Human IFN-γ immunity to mycobacteria is governed by both IL-12 and IL-23.

St. Giles Laboratory of Human Genetics of Infectious Diseases, Rockefeller Branch, Rockefeller University, New York, NY, USA.
Immunology Division, Garvan Institute of Medical Research and St Vincent's Clinical School, Faculty of Medicine, University of NSW, Sydney, New South Wales, Australia.
Center of Medical Immunology, Institute for Research in Biomedicine, Faculty of Biomedical Sciences, University of italian Switzerland (USI), Bellinzona, Switzerland.
Pediatric Respiratory Diseases Research Center, National Research Institute of Tuberculosis and Lung Diseases (NRITLD), Shahid Beheshti University of Medical Sciences, Tehran, Iran.
Department of Pediatric Immunology, Dr. Sami Ulus Maternity and Children's Health and Diseases Training and Research Hospital, Ankara, Turkey.
Immunology Division, Walter and Eliza Hall Institute of Medical Research, Parkville, Victoria, Australia.
Department of Medical Biology, University of Melbourne, Parkville, Victoria, Australia.
Department of Clinical Immunology and Allergy, Royal Melbourne Hospital, Parkville, Victoria, Australia.
Laboratory of Human Genetics of Infectious Diseases, Necker Branch, INSERM U1163, Necker Hospital for Sick Children, Paris, France.
Paris Descartes University, Imagine Institute, Paris, France.
Innate Immunity Unit, Pasteur Institute, INSERM U1223, Paris, France.
Charles Bronfman Institute for Personalized Medicine, and the Department of Genetics and Genomic Sciences, Icahn School of Medicine at Mount Sinai, New York, NY, USA.
Human Evolutionary Genetics Unit, Department of Genomes and Genetics, Pasteur Institute, Paris, France.
Centre National de la Recherche Scientifique, UMR 2000, Paris, France.
Center of Bioinformatics, Biostatistics and Integrative Biology, Pasteur Institute, Paris, France.
Department of Pediatrics, Hiroshima University Graduate School of Biomedical & Health Sciences, Hiroshima, Japan.
Institute for Clinical and Molecular Virology, University Erlangen-Nuremberg,Erlangen, Germany.
Department of Pediatric Immunology and Allergy, Ankara University School of Medicine, Ankara, Turkey.
Department of Pediatric Infectious Diseases, Dr. Sami Ulus Maternity and Children's Health and Diseases Training and Research Hospital, Ankara, Turkey.
Immunology Program, Memorial Sloan Kettering Cancer Center, New York, NY, USA.
Weill Cornell Graduate School of Medical Sciences, New York, NY, USA.
Centre for Molecular and Cellular Biology of Inflammation, King's College London, London, UK.
Department of Vaccine Discovery, La Jolla Institute for Allergy and Immunology, La Jolla, CA, USA.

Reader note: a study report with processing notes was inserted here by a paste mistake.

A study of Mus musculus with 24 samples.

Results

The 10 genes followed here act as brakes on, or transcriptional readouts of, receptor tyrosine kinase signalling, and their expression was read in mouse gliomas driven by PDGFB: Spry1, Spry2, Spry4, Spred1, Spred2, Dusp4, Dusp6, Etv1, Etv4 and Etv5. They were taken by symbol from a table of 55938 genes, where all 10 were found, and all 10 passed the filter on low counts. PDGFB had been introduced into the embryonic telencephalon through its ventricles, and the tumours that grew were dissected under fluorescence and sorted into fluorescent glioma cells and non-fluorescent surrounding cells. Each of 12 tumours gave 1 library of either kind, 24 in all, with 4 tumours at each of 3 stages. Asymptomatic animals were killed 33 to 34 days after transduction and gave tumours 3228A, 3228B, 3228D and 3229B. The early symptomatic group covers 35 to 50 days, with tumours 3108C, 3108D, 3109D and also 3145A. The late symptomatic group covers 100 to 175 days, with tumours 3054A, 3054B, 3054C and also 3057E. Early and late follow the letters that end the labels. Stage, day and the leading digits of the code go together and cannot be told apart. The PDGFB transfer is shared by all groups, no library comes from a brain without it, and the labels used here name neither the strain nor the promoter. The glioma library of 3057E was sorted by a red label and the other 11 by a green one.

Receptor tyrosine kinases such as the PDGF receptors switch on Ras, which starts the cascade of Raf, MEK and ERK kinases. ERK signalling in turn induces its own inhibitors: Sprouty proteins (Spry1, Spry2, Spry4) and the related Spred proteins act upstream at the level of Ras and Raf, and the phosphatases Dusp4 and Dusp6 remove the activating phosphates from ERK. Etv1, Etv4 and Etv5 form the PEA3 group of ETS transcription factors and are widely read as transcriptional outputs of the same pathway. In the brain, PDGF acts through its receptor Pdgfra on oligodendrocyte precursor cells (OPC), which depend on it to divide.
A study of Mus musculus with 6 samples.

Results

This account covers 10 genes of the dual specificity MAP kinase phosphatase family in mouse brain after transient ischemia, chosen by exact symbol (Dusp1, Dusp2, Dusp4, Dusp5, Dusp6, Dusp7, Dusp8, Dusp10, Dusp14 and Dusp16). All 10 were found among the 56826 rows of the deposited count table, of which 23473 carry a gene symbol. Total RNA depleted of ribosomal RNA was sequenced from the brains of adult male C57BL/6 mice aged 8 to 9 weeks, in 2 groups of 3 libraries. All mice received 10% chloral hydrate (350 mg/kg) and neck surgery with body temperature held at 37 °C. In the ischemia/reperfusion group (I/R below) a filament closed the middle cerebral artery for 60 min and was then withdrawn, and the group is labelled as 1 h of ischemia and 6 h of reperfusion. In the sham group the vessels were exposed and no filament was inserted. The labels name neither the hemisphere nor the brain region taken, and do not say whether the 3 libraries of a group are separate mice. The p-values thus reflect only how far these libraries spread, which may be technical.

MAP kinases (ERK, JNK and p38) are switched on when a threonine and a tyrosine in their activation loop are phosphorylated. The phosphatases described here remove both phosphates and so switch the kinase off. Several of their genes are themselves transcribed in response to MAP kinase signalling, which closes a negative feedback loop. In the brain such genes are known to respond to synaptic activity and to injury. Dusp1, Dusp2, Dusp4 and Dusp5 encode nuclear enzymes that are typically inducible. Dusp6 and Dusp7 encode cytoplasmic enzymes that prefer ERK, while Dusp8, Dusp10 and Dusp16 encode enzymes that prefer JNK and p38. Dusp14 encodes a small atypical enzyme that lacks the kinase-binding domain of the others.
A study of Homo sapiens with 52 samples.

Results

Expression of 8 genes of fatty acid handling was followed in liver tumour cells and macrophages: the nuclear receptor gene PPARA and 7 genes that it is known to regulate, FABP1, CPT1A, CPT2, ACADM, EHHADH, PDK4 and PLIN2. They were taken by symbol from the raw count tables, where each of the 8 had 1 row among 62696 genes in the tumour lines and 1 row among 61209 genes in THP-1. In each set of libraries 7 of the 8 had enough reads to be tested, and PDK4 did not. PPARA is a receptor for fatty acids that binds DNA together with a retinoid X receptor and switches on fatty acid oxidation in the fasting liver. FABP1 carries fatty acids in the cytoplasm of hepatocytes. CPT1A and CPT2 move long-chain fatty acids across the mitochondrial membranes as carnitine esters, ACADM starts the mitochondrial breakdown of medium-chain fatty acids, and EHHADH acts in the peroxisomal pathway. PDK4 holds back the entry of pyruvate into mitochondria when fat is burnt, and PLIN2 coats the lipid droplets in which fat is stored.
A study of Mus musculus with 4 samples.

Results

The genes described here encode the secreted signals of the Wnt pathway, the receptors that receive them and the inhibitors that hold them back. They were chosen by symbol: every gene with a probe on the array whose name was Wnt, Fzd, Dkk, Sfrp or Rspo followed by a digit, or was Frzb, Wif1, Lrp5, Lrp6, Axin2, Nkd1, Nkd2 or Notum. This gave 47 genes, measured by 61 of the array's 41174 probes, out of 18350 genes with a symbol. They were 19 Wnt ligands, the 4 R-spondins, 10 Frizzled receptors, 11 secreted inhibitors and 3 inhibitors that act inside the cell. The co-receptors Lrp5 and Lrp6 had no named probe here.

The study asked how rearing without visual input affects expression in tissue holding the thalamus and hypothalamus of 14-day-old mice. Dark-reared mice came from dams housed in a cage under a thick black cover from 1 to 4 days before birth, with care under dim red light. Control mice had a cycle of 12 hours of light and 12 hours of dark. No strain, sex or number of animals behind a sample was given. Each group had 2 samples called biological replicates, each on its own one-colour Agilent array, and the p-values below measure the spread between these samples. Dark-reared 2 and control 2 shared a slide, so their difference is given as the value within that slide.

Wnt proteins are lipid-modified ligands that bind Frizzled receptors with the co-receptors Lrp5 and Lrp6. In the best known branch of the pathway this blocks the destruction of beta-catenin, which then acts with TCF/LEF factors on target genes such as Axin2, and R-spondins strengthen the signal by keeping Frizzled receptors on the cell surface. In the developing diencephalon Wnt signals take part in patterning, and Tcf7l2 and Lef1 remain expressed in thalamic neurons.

Department of Medicine, University of California San Diego, La Jolla, CA, USA.
EA4340 and Pathology Department, Ambroise Paré Hospital AP-HP, Versailles Saint-Quentin-en-Yvelines University, Paris-Saclay University, Boulogne, France.
Department of Infectious Diseases, Leiden University Medical Center, Leiden, Netherlands.
Study Center of Immunodeficiencies, Necker Hospital for Sick Children, AP-HP, Paris, France.
Institute of Microbiology, ETH Zurich, Switzerland.
Howard Hughes Medical Institute, New York, NY, USA.
Pediatric Hematology-Immunology Unit, Necker Hospital for Sick Children AP-HP, Paris, France.


Hundreds of patients with autosomal recessive, complete IL-12p40 or IL-12Rβ1 deficiency have been diagnosed over the last 20 years. They typically suffer from invasive mycobacteriosis and, occasionally, from mucocutaneous candidiasis. Susceptibility to these infections is thought to be due to impairments of IL-12-dependent IFN-γ immunity and IL-23-dependent IL-17A/IL-17F immunity, respectively. We report here patients with autosomal recessive, complete IL-12Rβ2 or IL-23R deficiency, lacking responses to IL-12 or IL-23 only, all of whom, unexpectedly, display mycobacteriosis without candidiasis. We show that αβ T, γδ T, B, NK, ILC1, and ILC2 cells from healthy donors preferentially produce IFN-γ in response to IL-12, whereas NKT cells and MAIT cells preferentially produce IFN-γ in response to IL-23. We also show that the development of IFN-γ-producing CD4+ T cells, including, in particular, mycobacterium-specific TH1* cells (CD45RA-CCR6+), is dependent on both IL-12 and IL-23. Last, we show that IL12RB1, IL12RB2, and IL23R have similar frequencies of deleterious variants in the general population. The comparative rarity of symptomatic patients with IL-12Rβ2 or IL-23R deficiency, relative to IL-12Rβ1 deficiency, is, therefore, due to lower clinical penetrance. There are fewer symptomatic IL-23R- and IL-12Rβ2-deficient than IL-12Rβ1-deficient patients, not because these genetic disorders are rarer, but because the isolated absence of IL-12 or IL-23 is, in part, compensated by the other cytokine for the production of IFN-γ, thereby providing some protection against mycobacteria. These experiments of nature show that human IL-12 and IL-23 are both required for optimal IFN-γ-dependent immunity to mycobacteria, both individually and much more so cooperatively.